Sutton County is a small county located on the Edwards Plateau in Texas, with a population of 4,128 in 2010. The county was created in 1887 and organized in 1890, named for John S. Sutton, an officer in the Confederate Army.
Before the 1860s, Sutton County was occupied by Paleo-Indians, who left behind archaeological remains, including a burned-rock midden with a mortar and pestle, as well as other tools. Later inhabitants include Tonkawa, Comanche, and Lipan Apache Native Americans.
In 1852, Camp Terrett, which would later come to be known as Fort Terrett, was established to protect settlers from Comanches. During this period, the settlements remained small, as Sutton County gets little rainfall. In 1881, Wall’s Well was discovered, allowing ranchers and farmers access to water for irrigation.
By 1915, ranchers organized into the Texas Sheep & Goat Raiser’s Association, and by 1928, the county seat, Sonora, was connected to the outside world and other neighboring cities like San Angelo and Del Rio by the Atchison, Topeka, and Santa Fe Railway.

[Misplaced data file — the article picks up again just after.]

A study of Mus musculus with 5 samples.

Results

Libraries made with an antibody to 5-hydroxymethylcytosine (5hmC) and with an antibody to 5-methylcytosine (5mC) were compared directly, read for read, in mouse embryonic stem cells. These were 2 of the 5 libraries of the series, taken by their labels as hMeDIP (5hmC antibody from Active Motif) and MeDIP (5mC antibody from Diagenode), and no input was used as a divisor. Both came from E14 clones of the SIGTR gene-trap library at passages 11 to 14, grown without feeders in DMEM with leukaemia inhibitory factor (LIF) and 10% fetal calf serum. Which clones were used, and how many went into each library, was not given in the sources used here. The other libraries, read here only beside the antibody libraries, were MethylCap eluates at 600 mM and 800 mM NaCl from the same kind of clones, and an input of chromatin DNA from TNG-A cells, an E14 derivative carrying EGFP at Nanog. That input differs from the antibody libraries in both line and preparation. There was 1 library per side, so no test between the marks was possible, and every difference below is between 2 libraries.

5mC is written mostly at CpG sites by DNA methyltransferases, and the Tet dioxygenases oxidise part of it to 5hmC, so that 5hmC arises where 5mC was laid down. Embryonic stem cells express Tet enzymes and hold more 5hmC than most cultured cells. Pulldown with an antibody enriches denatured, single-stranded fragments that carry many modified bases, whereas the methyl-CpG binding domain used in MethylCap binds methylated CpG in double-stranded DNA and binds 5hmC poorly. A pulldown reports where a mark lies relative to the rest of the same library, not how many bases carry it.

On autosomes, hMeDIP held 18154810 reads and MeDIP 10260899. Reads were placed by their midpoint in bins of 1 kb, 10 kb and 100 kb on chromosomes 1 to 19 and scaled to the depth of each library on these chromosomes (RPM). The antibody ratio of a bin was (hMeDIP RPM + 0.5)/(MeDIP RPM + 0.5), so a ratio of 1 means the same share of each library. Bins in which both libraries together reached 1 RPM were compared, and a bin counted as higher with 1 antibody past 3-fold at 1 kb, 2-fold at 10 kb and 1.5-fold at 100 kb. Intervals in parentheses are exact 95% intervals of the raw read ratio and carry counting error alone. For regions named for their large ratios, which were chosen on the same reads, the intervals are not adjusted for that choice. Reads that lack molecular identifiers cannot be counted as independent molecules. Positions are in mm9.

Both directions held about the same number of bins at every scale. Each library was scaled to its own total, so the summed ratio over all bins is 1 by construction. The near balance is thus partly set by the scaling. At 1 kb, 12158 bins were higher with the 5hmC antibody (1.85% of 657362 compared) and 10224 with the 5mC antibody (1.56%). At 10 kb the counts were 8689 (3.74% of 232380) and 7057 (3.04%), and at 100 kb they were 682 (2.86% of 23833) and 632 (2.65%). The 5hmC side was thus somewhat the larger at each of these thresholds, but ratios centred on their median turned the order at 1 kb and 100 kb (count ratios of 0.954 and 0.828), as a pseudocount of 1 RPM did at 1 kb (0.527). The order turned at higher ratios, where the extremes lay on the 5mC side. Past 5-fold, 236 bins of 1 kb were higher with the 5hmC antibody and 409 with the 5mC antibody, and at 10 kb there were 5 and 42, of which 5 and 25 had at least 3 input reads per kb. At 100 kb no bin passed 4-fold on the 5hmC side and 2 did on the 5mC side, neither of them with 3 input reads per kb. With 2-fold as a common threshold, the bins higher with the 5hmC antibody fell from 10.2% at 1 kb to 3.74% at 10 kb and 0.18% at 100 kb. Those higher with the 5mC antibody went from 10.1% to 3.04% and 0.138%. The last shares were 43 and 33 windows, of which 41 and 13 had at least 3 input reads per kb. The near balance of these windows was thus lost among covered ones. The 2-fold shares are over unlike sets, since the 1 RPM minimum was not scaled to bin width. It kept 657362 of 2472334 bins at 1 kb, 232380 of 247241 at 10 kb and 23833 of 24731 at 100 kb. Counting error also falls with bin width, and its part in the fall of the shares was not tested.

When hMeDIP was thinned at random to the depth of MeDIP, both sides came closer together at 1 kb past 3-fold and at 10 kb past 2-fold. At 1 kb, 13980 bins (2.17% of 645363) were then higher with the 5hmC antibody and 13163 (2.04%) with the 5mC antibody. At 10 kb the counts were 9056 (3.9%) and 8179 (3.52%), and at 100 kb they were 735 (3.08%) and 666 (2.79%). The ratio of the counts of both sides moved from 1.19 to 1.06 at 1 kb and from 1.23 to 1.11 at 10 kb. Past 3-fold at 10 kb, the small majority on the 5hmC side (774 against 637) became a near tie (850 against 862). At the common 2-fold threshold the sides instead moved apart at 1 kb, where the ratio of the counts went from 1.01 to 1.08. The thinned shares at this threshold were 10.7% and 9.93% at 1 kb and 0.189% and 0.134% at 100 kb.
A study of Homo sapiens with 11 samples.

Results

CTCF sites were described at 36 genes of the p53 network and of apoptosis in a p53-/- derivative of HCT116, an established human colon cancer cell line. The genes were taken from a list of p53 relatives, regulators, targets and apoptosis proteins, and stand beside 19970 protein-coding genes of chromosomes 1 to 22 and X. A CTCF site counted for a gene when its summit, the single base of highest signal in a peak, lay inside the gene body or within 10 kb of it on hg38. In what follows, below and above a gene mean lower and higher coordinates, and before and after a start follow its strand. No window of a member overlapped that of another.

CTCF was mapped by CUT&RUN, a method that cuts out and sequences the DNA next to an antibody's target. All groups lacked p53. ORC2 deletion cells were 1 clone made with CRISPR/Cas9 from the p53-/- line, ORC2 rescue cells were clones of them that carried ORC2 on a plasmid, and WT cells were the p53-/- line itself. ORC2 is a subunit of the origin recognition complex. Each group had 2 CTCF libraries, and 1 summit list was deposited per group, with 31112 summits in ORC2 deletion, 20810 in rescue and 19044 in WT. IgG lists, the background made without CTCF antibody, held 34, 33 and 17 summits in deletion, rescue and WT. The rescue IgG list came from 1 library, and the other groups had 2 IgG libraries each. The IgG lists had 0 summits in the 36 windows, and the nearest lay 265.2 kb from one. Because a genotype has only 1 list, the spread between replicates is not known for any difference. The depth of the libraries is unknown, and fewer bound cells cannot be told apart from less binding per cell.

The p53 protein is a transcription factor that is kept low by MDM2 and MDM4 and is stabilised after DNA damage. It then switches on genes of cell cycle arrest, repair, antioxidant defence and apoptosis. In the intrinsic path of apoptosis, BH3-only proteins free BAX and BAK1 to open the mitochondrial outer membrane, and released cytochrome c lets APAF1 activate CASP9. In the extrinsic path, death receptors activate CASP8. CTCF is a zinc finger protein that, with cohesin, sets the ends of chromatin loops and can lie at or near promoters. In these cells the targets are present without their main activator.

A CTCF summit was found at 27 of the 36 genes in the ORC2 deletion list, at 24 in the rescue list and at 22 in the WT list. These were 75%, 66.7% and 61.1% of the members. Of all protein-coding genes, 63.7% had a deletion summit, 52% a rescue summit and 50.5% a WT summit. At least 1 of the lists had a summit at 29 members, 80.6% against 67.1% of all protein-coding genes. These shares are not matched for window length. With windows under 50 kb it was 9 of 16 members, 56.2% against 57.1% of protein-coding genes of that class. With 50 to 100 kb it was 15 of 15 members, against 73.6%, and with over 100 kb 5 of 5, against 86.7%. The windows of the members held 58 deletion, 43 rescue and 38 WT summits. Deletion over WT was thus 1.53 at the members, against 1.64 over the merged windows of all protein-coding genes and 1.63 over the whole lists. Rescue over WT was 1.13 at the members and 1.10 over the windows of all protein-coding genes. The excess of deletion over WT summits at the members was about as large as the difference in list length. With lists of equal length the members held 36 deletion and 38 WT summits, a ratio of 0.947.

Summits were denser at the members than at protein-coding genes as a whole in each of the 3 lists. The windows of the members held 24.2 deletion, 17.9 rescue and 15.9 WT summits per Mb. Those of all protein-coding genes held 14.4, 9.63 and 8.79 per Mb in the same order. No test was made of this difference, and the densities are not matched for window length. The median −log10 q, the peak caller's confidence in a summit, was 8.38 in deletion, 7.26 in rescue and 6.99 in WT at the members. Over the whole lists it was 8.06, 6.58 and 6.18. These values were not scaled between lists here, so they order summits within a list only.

In 1930, sheep and goat ranching was at its peak, and the Sonora Wool and Mohair Company was established, which would help minimize the economic crisis faced by the county during the Great Depression.
The soil in Sutton County is generally shallow and stony, although there are deep loams to be found along waterways and irregular outcrops of limestone. While the region typically is characterized by range grasses, Sutton County’s grasslands are not true grasslands, since they have small isolated strands of shin oak, juniper, and mesquite.
The vegetation, shallow soils, and meager rainfall kept the county from growing cash crops like cotton or even pecans, but Sutton County’s terrain was perfect for cattle, sheep, and goat ranching. The region also has moderate-sized oil and gas reserves, which went into significant production during the 1960s and 70s.
Aside from the oil and ranching industries, Sutton County has a rich tourism industry–arguably the main industry of modern day Sutton County. The area was originally home to a wide variety of game animals and predators that were driven out during the ranching heyday. In contemporary times, game animals like deer have been reintroduced to the area and have done well, attracting hunters to the area.
Hunting, fishing, and other outdoor attractions are the main draw for tourism in Sutton County. Of note are the Caverns of Sonora, which stretch for miles and were opened to the public in 1960.
Sutton County is a remarkable, rugged area with an economy based in oil, livestock ranching, and tourism. The economy continues to grow and offer opportunities in these economies, as well as burgeoning industries.